Review key concepts, equations, and common misconceptions related to distance and displacement.

Key terms

Coordinate systemSystem we define to describe position. The origin is the point we label as zero. Coordinate systems also define directions for positive and negative numbers.
PositionLocation of an object relative to the origin. We often use the symbol x to refer to position.
DisplacementChange in position of an object. We use the symbol delta, x for displacement, where delta means "change." A vector quantity with units of start text, d, i, s, t, a, n, c, e, end text.
DistanceTotal amount the object has moved. This depends on the whole path traveled, not just the starting and ending points. Distance traveled is always a non-negative number. A scalar quantity with units of start text, d, i, s, t, a, n, c, e, end text.
Reference frameA point of view from which measurements can be made. All frames of reference are equally valid.


EquationSymbol breakdownMeaning in words
delta, x, equals, x, minus, x, start subscript, 0, end subscriptdelta, x is the displacement, x is the final position, and x, start subscript, 0, end subscript is the initial positionDisplacement is the difference between the final and initial positions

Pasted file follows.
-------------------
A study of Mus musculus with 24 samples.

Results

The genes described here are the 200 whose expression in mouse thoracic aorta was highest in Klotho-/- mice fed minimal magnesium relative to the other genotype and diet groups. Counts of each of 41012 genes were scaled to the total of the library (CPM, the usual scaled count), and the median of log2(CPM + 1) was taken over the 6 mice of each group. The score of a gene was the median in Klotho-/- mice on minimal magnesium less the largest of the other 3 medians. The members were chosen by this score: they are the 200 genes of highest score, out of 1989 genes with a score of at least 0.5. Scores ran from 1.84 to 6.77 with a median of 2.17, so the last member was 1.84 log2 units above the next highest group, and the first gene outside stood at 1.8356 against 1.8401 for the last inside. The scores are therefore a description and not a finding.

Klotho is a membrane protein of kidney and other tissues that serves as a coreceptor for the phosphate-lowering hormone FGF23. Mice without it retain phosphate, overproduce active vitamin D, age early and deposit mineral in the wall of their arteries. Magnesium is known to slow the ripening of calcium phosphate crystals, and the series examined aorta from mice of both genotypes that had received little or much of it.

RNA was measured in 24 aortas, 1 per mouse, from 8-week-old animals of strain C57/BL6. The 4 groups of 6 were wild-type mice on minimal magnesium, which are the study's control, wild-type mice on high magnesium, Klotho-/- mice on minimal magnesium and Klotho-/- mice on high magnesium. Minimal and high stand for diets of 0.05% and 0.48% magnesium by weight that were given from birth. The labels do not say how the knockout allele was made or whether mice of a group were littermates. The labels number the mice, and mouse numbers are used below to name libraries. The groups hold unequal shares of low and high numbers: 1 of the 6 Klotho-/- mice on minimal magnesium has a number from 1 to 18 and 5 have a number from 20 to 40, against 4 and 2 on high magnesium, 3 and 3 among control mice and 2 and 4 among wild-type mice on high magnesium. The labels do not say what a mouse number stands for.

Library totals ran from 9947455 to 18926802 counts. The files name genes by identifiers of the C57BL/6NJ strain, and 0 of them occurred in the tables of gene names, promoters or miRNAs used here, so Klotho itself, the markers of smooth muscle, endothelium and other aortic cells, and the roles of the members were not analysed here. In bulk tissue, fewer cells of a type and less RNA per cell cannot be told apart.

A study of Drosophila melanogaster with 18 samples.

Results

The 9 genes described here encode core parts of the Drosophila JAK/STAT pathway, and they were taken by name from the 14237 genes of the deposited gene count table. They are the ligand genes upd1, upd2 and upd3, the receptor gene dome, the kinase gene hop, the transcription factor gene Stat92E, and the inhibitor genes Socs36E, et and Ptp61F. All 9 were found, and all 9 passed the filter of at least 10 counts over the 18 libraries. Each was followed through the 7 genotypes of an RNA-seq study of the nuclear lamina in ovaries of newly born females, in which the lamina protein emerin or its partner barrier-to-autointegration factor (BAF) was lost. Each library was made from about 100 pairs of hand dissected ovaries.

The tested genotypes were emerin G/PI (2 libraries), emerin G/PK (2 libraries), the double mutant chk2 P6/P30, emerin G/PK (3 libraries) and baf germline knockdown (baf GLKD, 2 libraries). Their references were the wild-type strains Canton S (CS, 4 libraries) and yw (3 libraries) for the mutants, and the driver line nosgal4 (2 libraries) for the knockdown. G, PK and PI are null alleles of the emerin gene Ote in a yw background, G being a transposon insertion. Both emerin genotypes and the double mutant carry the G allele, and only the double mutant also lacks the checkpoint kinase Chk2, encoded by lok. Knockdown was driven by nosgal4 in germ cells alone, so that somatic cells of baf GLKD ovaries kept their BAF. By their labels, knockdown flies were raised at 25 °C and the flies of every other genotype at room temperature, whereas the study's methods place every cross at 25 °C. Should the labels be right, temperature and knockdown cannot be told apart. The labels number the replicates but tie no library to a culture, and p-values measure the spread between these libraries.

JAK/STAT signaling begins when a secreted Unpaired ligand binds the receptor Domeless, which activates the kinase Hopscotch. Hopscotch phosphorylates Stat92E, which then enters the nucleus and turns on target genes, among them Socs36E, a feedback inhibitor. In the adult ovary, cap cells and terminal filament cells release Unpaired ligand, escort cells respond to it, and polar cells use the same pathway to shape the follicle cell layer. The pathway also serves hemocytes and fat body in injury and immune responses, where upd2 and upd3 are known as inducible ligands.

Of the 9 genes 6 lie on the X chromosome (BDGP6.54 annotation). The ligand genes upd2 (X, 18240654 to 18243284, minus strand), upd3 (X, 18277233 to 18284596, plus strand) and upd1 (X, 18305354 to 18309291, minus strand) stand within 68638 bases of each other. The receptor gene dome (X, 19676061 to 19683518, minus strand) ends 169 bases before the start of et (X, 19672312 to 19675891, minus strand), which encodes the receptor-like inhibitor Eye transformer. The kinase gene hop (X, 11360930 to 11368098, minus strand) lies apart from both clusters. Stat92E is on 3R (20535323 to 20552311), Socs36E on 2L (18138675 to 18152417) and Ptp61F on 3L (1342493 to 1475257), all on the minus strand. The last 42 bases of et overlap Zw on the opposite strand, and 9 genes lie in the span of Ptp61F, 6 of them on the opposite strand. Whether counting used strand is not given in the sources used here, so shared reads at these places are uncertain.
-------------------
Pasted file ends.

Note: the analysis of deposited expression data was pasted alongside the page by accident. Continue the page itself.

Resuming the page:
Common mistakes and misconceptions

  • People sometimes swap the initial and final positions in the displacement equation. It's easy to get mixed up and put the initial position first in the displacement equation to get minus, delta, x instead of delta, x. When calculating displacement, make sure to start with the final position and then subtract the initial position.
  • People sometimes think that distance and displacement are just different names for the same quantity. However, distance and displacement are different concepts. If an object changes direction in its journey, the total distance traveled will be greater than the displacement between those two points.
The difference between distance and displacement. Image from Wikimedia Commons, CC BY-SA 3.0
  • People sometimes get confused about choosing the “correct” coordinate system. All coordinate systems are equally valid, so we can choose any system. The choice will affect the numbers in the calculation, but as long as we use the coordinate system consistently, the physical meaning of the answer won't change.